Uggla looking to bounce back for Braves
FEB 26, 2013 2:39p ET
While Dan Uggla did arrive at spring training lighter than he was a year ago, the second baseman says his weight loss has been blown out of proportion.
“It’s not as significant as people make it out to be,” he said sitting at his locker. “I think somebody caught wind that I may have lost a little bit of weight and ran with it like I lost like 30 pounds.”
For the record, Uggla — who still has that Popeye-like physique — estimates he’s gone from 215 pounds to around 206-208. After speaking to the Nationals’ Jayson Werth, who has been gluten-free for three years, Uggla decided to make some changes to his diet.
“I’ve always tried to eat right, I just didn’t know how to do it,” he said. “It’s not just eating chicken breast, grilled chicken and rice or something like that. You’ve got to eat lots of fruits and vegetables and you’ve got to eat lean meats.”
Uggla, who true to his new habits was spotted walking around the locker room eating a bowl of fruit, is hoping these alterations pay off on the field.
“Time will tell,” he said. “I was playing at 205 and 210 in years past; normally fluctuated like 210-215, but time will tell. … Hopefully (I’m) a lot better. I hope I’ll be quicker, faster, stronger and have more energy.”
Uggla is looking to bounce back after an erratic season in which he posted career lows in home runs (19) — ending a five-year streak of at least 30 HRs, a record for second basemen — along with RBI (78), average (.220), slugging (.384) and OPS (.732). He also struck out a career-high 168 times.
He started off hitting a respectable .267 through May. But after a summer slump, which included stretches in July in which he went 0-for-20 and 0-for-21, his average had dipped down to .202 by September and he was demoted to eighth in the lineup.
Uggla would spent much of the season trying to find some balance at the plate, battling timing issues and letting go of the bat too early with his top hand, which caused him to rotate out of the hitting zone.
“My swing just felt out of whack,” he said “Just a lot of different things. … I’d feel great in the cage, feel great in (batting practice) and hit homers to center field all day. But some reason it wasn’t translating to games.”
He was benched at the beginning of September but responded, hitting .299 with an .876 OPS over the last 23 games of the season. Uggla had found his groove again, but even that wasn’t enough. He suffered a cut on his hand that required stitches after he reached into an ice bin for a drink during the Braves’ playoff celebration, causing him to miss two of the last three regular-season games.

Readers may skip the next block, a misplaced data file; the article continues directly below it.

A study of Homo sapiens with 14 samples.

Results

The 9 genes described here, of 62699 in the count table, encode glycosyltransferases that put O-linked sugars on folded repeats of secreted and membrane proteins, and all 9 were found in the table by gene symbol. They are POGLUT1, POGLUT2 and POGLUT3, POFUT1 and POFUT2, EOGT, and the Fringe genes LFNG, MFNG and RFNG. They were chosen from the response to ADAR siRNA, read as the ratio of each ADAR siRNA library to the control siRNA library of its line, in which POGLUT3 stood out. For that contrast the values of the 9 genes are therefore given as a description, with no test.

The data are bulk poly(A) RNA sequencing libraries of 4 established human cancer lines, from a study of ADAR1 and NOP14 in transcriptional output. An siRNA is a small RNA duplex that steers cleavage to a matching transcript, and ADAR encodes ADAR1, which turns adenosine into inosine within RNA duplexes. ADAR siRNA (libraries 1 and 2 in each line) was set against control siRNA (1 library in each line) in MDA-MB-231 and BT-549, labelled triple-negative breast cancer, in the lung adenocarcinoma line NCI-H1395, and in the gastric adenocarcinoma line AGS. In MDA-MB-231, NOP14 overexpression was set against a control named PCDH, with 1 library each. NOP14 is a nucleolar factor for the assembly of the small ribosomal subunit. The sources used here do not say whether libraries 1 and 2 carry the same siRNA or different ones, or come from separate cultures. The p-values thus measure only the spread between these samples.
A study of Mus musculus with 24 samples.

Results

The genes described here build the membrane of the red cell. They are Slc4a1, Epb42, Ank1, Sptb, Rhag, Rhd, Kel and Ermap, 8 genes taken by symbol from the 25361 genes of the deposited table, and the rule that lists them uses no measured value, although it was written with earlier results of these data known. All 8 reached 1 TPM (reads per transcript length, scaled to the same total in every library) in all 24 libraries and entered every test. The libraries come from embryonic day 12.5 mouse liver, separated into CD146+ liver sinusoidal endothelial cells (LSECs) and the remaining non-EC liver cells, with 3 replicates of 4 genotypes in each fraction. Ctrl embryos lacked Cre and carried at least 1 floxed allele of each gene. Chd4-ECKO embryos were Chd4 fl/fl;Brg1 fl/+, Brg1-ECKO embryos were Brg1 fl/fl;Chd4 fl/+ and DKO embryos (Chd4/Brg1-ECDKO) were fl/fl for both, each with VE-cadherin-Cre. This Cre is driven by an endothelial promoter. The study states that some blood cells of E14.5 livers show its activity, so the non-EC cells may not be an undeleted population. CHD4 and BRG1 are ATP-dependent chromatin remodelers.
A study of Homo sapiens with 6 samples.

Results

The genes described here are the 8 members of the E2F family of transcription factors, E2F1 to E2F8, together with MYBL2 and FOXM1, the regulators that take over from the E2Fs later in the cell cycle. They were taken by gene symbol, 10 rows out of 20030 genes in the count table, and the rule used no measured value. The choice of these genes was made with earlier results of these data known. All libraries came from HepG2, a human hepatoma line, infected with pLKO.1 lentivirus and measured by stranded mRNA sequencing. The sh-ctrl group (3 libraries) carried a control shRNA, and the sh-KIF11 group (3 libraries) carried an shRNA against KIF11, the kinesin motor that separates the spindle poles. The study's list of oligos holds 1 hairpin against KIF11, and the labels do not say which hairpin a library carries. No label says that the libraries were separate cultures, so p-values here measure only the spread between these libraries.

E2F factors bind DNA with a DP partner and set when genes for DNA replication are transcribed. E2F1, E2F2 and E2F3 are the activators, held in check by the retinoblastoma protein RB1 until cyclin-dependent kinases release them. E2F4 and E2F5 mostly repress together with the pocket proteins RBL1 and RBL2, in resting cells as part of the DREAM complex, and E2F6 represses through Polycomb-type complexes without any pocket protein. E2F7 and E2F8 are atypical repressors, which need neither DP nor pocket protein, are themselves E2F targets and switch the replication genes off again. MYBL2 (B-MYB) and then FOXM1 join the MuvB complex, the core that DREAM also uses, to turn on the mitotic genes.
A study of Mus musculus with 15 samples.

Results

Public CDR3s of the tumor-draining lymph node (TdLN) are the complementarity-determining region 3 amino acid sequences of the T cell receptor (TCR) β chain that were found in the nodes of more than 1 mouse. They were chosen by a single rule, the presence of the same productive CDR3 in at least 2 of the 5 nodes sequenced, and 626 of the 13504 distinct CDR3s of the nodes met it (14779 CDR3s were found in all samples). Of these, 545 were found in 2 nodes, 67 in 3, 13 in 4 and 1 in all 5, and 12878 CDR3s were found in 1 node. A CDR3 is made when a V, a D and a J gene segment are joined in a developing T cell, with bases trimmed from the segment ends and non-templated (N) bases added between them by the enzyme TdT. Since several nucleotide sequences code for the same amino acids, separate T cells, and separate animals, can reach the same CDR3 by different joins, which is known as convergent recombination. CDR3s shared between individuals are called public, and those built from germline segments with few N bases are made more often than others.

There were positives in Uggla’s season. He tied the Reds’ Joey Votto for the National League lead with 94 walks and played in the All-Star Game for the third time in his career. But for the second straight season, he saw his average and slugging percentages drop — going from a .287 average in ’10 to .233 in ’11 and .220 in ’12, while his slugging fell from .508 to .453 to .384 — and his strikeout rate rose (22.1 in ’10; 23.2 in ’11 and 26.7 in ’12).
“I always feel like I’m starting to get hot again, whether I struggle for a week or two weeks or whatever, but I always feel like that at the end of the season,” Uggla said. “Of course, I didn’t want it to end last year. I was sitting on 19 homers and a lot of other things I could have improved on. I would have loved for it to have gone another month.”
For all the focus on what newcomers B.J. and Justin Upton bring to the Braves’ lineup — power, speed, youth — it’s what they can do for the likes of Uggla that could be one of the biggest benefits.
Manager Fredi Gonzalez has penned Uggla into the sixth spot in the order in an Opening Day lineup that’s expected to go: Andrelton Simmons, Jason Heyward, Justin Upton, Freddie Freeman, B.J. Upton, Uggla, Juan Francisco/ Chris Johnson, Gerald Laird, pitcher.
With B.J. Upton in front of him, Uggla should see better pitches to hit and he has the home run capability and on-base percentage to provide a boost to the bottom of the lineup.
Uggla spent the offseason pouring over film from 2006, his rookie season with the Marlins, when he says he was “probably a more complete hitter, going foul line to foul line.”
“(I) made the adjustment and I’m just concentrating on building on that, getting back to the basics a little bit,” he said.
It’s an approach that could pay dividends if Uggla can provide something that, save one 33-game hit streak, has been largely missing during his Braves career — consistency.